4 Long Distance Caregiving Tips
Millions of Americans care for an aging loved one from a distance, with an average distance of 450 miles and 7 hours of travel time one way. Caregiving from a distance certainly creates additional complexities and challenges, but it does not mean you can’t help as a caregiver.
Here are some tips to care for a loved one, even though you may not live in the same neighborhood, or even the same state as them:
- Understand your role. Take some time and think of the role you want to play in your loved one’s life. Thanks to technology and online banking, a long distance caregiver can help pay bills and keep track of a loved one’s finances. You can also help keep track of health issues, order medicine or work as the main point of contact with your parent’s health care professionals. Managing health benefits can get confusing, luckily working with the insurance company or Medicare can often be done from anywhere. Additionally, part of your role could include being a point of contact for friends and family. You can share information via text message, email or even a private Facebook group. You can also set a schedule for friends and family to visit your mother or father.
- Use technology to communicate, consistently. Technology has made it easier than ever for long distance caregiving. It is important to schedule consistent check ins with your loved one to see how they are feeling, learn about any needs they have (groceries, household items, etc.) or any health concerns. You have many options to connect: by phone, email, instant messages, or video chat. Video chat has many advantages as it allows your loved one to see a friendly face and is more personal than a phone call. Getting to see your loved one also gives you an idea of how they’re looking. If you would like to communicate with video chat via Skype, Facetime or Google Hangouts, make sure your loved one knows how it works. There are plenty of tutorials online that simplify the process.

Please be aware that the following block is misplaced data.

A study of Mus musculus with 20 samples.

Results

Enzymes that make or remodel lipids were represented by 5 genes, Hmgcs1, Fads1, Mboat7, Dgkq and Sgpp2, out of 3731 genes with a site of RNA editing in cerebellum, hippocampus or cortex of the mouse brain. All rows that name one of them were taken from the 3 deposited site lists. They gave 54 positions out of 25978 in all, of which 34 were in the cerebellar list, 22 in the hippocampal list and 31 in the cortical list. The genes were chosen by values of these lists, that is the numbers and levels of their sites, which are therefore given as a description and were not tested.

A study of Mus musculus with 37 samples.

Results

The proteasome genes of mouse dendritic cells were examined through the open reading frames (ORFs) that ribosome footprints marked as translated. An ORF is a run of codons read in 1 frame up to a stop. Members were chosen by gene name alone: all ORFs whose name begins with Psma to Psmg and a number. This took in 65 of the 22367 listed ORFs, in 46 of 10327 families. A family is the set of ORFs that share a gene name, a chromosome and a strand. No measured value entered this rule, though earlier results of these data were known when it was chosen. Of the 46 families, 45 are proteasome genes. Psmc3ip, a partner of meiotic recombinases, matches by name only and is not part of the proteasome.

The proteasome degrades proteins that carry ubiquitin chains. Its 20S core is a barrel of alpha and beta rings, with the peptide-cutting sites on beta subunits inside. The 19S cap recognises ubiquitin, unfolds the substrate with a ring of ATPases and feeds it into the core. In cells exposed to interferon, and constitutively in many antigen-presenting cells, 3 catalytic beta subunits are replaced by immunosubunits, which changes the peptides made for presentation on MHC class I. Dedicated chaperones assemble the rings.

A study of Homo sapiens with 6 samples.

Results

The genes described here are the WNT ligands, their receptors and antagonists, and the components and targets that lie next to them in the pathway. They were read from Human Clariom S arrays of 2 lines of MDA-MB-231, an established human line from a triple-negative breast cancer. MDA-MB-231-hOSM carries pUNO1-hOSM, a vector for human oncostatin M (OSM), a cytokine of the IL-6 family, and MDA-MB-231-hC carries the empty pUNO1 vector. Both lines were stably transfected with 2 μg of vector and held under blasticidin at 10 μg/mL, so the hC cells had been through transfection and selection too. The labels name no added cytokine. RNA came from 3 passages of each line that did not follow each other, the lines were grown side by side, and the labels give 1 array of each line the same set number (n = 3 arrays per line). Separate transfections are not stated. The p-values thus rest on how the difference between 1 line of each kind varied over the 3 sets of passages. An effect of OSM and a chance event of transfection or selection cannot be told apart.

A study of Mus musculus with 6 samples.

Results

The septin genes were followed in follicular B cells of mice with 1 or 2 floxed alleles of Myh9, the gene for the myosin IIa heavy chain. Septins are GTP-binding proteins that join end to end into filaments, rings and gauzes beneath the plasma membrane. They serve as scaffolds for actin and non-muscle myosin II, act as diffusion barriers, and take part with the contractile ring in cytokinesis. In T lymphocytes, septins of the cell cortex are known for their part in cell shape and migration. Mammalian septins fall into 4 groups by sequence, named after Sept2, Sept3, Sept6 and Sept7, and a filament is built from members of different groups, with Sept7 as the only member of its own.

- Be ready for an emergency. Although technology can help bridge the gap, make sure you have a point person who lives near your loved one in case of emergency. This could be a sibling, friend, family member or even a neighbor. Make sure this is a person you and your parent both trust. In case of an emergency, this individual can look out for your loved one and help out until you can arrive. It is also important for you to have emergency phone numbers, medical records and a plan of action ready in case of any emergency.
- Determine a care plan for your loved one. Your role as a long distance caregiver may include finding a primary caregiver, live-in nurse or moving your loved one into an assisted living community. This may be the best course of action if your loved one’s health or mobility is declining and you feel they need 24/7 care. This provides a big advantage as you can communicate with the caregiver on a consistent basis.